67 points by danshapiro on Apr 20, 2015 | hide | past | web | favorite | 8 comments



Because it's a few years old it's missing the two big guns in acro flight: clean flight and base flight (and the drama between the two camps). Also some of the information about the PID controllers is a likely out of date and with some firmware there are actually multiple PID controllers to choose from.

But apart from that most of the information is quite good as a historic reference.


Good subject, but the article is 3 years old in a fast moving field, and displayed in a painful e-book program. Is there a better article available?



This is really not "a book", but more a set of summaries of robotic subjects from a diverse group of technologists working in the field.

Each article contains extraordinary insight and is thus a valuable thing to read, especially if you are new to the subject.. as students and industrialists alike.

Even if its 'only of 3 years ago', actually the subject of software and robotics is decades old and has had its ebbs and waves of 'hot new idea of today' such that the subject is very dense.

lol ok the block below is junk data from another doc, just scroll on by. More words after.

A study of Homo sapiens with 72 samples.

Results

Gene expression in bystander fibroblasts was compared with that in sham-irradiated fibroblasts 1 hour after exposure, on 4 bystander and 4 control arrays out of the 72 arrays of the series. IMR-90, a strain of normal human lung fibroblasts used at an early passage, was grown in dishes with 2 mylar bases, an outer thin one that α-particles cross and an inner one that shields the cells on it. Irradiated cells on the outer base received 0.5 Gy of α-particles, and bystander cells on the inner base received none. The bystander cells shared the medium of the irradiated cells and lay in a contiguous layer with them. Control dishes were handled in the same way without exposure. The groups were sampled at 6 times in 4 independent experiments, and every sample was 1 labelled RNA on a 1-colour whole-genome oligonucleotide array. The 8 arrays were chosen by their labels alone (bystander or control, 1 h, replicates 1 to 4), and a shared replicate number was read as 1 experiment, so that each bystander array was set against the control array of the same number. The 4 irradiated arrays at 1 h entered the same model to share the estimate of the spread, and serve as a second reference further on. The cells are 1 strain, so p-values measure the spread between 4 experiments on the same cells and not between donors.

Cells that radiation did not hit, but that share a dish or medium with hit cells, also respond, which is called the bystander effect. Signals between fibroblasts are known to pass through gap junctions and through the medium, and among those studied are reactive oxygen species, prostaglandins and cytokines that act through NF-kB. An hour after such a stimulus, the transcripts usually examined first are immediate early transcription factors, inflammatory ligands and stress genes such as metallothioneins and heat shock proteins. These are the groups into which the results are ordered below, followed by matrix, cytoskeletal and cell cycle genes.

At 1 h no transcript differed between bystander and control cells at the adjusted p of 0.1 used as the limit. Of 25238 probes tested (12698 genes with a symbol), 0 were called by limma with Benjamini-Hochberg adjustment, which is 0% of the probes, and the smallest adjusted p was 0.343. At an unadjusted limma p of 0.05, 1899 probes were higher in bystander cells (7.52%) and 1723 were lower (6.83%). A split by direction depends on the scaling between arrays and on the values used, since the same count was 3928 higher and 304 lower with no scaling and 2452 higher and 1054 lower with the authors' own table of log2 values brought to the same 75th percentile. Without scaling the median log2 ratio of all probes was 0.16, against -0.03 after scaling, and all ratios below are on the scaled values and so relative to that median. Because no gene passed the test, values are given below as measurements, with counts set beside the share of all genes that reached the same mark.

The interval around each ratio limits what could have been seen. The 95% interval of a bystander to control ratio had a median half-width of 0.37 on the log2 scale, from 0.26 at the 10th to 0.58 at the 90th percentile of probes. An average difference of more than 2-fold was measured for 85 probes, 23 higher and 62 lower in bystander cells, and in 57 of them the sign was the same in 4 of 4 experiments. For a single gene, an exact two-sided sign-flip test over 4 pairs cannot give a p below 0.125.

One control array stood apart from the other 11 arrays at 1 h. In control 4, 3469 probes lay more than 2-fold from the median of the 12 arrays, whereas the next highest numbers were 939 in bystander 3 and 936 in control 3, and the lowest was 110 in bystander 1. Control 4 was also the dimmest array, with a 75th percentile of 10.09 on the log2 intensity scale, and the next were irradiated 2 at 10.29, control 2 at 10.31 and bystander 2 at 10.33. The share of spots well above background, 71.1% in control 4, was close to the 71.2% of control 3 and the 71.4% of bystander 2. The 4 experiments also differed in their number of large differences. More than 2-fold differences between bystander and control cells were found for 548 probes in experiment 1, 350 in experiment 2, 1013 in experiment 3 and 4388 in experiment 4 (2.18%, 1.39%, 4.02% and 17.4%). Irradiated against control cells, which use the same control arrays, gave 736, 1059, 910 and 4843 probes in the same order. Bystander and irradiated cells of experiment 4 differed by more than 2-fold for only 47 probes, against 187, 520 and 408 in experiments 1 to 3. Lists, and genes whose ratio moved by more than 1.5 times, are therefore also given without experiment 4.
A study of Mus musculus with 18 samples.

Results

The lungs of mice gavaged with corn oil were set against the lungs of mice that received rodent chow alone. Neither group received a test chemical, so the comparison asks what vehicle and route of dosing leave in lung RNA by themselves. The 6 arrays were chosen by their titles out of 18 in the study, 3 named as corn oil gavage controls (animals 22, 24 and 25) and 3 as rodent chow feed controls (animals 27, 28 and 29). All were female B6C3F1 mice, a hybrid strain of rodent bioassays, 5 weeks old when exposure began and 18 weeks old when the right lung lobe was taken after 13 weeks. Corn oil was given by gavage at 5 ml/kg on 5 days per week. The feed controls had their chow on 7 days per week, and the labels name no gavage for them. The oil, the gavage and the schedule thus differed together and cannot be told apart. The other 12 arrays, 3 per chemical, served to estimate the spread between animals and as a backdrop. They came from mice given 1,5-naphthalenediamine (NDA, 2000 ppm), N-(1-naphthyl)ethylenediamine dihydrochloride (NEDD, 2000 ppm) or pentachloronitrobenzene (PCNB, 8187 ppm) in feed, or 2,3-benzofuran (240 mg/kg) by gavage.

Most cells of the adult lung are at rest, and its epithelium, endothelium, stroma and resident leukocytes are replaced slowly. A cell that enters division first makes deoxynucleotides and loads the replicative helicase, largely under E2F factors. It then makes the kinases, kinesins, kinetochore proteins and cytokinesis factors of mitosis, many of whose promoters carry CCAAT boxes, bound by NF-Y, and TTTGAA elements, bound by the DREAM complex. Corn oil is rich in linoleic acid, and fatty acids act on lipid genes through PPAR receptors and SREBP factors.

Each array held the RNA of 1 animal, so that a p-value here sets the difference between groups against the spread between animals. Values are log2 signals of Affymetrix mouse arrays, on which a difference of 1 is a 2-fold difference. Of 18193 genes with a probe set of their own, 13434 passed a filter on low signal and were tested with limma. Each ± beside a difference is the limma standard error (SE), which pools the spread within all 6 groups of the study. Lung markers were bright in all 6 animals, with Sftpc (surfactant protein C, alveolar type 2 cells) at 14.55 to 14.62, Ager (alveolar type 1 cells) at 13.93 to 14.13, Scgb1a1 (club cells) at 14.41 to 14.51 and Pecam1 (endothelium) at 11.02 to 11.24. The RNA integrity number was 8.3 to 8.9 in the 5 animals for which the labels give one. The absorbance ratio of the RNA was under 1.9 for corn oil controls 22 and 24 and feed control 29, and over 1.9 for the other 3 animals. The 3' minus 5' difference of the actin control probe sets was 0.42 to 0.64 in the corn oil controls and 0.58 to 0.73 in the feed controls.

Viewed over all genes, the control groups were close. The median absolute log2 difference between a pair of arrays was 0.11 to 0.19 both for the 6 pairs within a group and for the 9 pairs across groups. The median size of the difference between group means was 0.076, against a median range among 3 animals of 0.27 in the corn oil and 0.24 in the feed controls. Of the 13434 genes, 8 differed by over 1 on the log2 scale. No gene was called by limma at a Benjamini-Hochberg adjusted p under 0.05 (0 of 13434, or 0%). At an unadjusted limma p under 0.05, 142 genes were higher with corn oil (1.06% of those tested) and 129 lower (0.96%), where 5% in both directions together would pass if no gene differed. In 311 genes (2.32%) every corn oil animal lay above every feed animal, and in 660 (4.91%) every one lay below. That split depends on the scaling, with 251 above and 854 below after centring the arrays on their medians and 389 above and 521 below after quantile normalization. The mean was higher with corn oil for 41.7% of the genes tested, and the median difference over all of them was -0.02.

In my opinion, robotics and autonomous systems is a subject now moderately impervious to the "not the new new" syndrome suffered by technologies, young and old. 3 years is just a blip.


Except CPU designs from three years ago are no longer considered current, and robots are built around CPUs (that is, if it lacks a CPU, it is not a robot), so three years is long enough to obsolete a vital component.


All of these are running on micro controller or similar embedded platforms that are are significantly slower to change than consumer CPUs. Calling them obsolete is not a realistic stance to take. Some of the hardware has changed over the years, but the changes have been mostly to the sensors used and other peripherals, they are still using the same CPUs they did a few years ago and they're definitely not obsolete.


> they are still using the same CPUs they did a few years ago

Not true; at the writing of the article, the Pixhawk board was using the LPC2148, and today it uses the STM32F427... who knows what else has been changed over the years as well?


Yeah, that's possible... I didn't go through all of them, but some had remained essentially the same, e.g. the OpenPilot board had changed some sensors but is still using the same CPU as far as I can tell.

But that's really besides the point, the CPUs they were using have not really turned obsolete like GP said. Even the STM32 F4 series you mention was released in 2011, before this article was written. And that's the latest generation of the STM32 series, so it hasn't gone obsolete.